Friday, June 3, 2016

Adult Coloring Books and the Disruption Economy

Who would have thought?
In 2015, three of the best selling books of the year were adult colouring books. In Canada it was 5 of the top 10 including the top 2.
Various people have offered various theories explaining this, but the fact is that nobody anticipated this, certainly not the publishers. This is from an article on the economic uncertainty created by unanticipated innovations. Some innovations are hi tech, but not all of them.

Via Marginal Revolution.

1 comment:

G. Verloren said...

"The New Yorker speculated it was about adults returning to their youth."

I think they're missing the mark here. I don't think this is about people returning to their youths - I think this is about the current generation of young people who are growing into adults, and rejecting the traditional notion that you must proverbially "put away childish things".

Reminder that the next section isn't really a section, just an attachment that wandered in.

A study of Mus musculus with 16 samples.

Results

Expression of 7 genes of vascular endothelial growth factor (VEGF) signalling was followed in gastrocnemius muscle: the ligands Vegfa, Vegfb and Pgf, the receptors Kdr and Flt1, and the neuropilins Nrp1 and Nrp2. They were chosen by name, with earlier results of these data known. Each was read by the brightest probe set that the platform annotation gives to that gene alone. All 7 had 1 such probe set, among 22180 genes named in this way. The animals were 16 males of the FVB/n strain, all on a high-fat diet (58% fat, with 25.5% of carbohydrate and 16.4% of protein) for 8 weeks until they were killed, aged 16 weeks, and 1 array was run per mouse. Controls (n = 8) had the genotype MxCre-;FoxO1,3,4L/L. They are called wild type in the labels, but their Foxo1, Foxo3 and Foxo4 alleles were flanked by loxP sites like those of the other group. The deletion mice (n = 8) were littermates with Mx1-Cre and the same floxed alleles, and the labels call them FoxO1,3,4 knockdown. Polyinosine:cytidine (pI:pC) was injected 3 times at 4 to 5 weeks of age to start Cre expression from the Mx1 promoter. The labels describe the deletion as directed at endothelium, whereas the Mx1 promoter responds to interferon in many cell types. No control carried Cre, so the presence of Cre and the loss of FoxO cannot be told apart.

I think a lot of young people becoming adults today simply don't buy into the same philosophies of what is "age appropriate" anymore. A lot of younger adults these days still unabashedly love the things they did when they were kids - comic books, video games, cartoons, et cetera.

And I also don't think this is a particularly new phenomenon, either. Parallels can be drawn with prior historical periods, from soldiers in Vietnam and World War II bringing their popular culture with them into the field of battle (carrying comic books with them, painting jackets and vehicles with cartoon characters, et cetera), to the Flappers of the 1920s building an entire identity around a combination of emerging sexuality and a rejection of "age appropriate" behaviors.

I think the easiest way to figure this out would be to look at the data on who exactly are buying these coloring books? I doubt they're popular with the middle aged or senior crowds, but I can easily picture this being something of a fad among many 20 or 30 somethings.